Blyth was once an industrial port and coal town, but it also is home to some of the first offshore wind farms built in the United Kingdom. The history of the coastal town dates back for centuries, and those years span many changes – an evolution that is at the core of an art exhibit meant to encourage reflection on renewable energy.
Now through July 25, the work of nine regional artists is on display at the RePUBlic and Headway Arts galleries, but the art itself is meant to open wider conversations on how Blyth feels about climate change and energy in a community in transition. The “Energies” project is supported by Newcastle University and their partners.
“Blyth is the perfect example of a town which relied on certain industries for a very long time, but these traditional industries are now being replaced with something new. What we don’t know is how the community feels about this change and that’s what we’re hoping to find out with this exhibition,” says project lead Anthony Zito, a professor of European Public Policy at the university.
“Art can help to shed light on the issues in a way that a questionnaire simply can’t. It can highlight emotion and help give us a deeper understanding of these issues.”
In other words, the interdisciplinary team behind “Energies” doesn’t think of the art exhibit as a way to communicate research findings but rather as research itself. It’s an extension of Northeast Coastal Community Resilience, a larger Newcastle project focused on the impact of new energy industries in and around Blyth.
The project sets aside the supercomputer-generated statistical models on carbon emissions or sea level rise, and instead puts the people of Blyth at the center of what a just transition means by encouraging them to talk about their loss and longing for the past, as well as their hopes and fears for the future.
“Blyth has a long, proud industrial history. It is a key location for the UK government’s decarbonization plans. There are many promises. Then again, Blyth has borne the brunt of deindustrialization (particularly of fossil fuel led industries) resulting in very high unemployment, poverty, and concomitant health and wellbeing challenges,” says Dr. Clifton Evers of Newcastle’s media and cultural studies department.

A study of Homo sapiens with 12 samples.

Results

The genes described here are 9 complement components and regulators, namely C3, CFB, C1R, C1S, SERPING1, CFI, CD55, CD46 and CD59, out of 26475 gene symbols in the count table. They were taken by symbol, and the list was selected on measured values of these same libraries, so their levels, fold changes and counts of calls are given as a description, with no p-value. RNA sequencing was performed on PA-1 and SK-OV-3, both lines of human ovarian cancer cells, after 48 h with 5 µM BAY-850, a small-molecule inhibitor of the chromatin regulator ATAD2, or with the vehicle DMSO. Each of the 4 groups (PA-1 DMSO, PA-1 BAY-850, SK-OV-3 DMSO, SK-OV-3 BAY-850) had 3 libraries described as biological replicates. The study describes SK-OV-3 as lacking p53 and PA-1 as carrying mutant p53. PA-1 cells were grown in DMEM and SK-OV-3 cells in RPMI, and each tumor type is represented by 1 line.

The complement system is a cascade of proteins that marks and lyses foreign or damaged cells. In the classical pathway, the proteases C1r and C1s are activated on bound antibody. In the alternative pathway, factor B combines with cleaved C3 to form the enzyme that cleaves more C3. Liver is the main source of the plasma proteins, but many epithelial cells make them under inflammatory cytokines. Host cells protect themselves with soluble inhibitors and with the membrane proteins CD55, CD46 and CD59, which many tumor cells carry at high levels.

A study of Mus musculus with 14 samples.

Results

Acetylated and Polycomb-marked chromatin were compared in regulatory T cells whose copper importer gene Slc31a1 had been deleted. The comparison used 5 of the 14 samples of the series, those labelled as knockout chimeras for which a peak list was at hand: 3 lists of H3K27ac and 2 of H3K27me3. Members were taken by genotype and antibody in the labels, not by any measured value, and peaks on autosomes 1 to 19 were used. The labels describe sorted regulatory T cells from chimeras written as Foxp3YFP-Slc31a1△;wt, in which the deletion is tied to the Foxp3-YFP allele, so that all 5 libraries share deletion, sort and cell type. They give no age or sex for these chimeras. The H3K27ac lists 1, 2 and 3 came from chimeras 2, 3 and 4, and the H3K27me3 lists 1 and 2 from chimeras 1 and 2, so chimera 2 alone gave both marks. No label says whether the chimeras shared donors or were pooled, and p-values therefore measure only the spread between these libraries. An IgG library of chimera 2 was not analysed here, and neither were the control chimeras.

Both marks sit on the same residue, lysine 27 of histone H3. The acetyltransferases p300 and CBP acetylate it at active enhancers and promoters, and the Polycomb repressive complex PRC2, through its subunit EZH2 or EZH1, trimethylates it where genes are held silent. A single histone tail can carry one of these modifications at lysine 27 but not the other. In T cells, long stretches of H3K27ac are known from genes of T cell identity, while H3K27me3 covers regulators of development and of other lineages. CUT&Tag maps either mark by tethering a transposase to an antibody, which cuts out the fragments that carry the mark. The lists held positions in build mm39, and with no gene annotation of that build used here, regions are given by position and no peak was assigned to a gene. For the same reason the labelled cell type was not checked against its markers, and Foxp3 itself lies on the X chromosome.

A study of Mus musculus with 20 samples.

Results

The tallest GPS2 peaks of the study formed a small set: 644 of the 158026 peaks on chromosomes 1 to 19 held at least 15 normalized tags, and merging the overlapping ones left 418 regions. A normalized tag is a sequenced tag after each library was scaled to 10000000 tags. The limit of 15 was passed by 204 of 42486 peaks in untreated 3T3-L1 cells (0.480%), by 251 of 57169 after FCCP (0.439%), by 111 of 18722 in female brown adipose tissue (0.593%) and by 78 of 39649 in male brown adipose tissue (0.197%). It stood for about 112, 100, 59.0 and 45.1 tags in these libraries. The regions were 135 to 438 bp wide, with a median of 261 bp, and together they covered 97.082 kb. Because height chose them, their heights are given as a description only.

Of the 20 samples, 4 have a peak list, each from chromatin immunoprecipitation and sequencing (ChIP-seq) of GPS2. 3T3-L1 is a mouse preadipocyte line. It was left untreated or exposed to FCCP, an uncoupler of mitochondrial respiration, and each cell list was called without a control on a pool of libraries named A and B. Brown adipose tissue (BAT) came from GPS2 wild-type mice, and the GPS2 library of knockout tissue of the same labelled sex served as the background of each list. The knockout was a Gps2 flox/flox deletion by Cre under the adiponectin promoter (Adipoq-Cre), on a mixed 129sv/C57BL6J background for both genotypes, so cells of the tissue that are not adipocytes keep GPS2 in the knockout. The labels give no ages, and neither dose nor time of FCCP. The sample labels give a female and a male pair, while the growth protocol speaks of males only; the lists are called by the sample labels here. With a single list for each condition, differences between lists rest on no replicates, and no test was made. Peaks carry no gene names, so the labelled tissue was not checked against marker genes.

“While there is hope there are questions. Who benefits? What power do different stakeholders have? Who is accountable to who? Can you say no? What do locals know? What emotions are being felt? How does what happens here connect to ‘over there’? What are the more-than-human considerations?”
The arrival of new technologies and low carbon industries – the wind turbines, but also battery gigaplants and biomass and carbon capture technologies – changes the identity of a place as much as it creates a climate pathway moving forward. When the coal and the shipbuilders are gone, there’s a new sense of identity, whether welcomed or mourned, that the university and its partners want to understand.
They’re starting with the pilot project in Blyth, but the “Energies” team plans to take the concept to other towns and cities in England’s Northeast and beyond.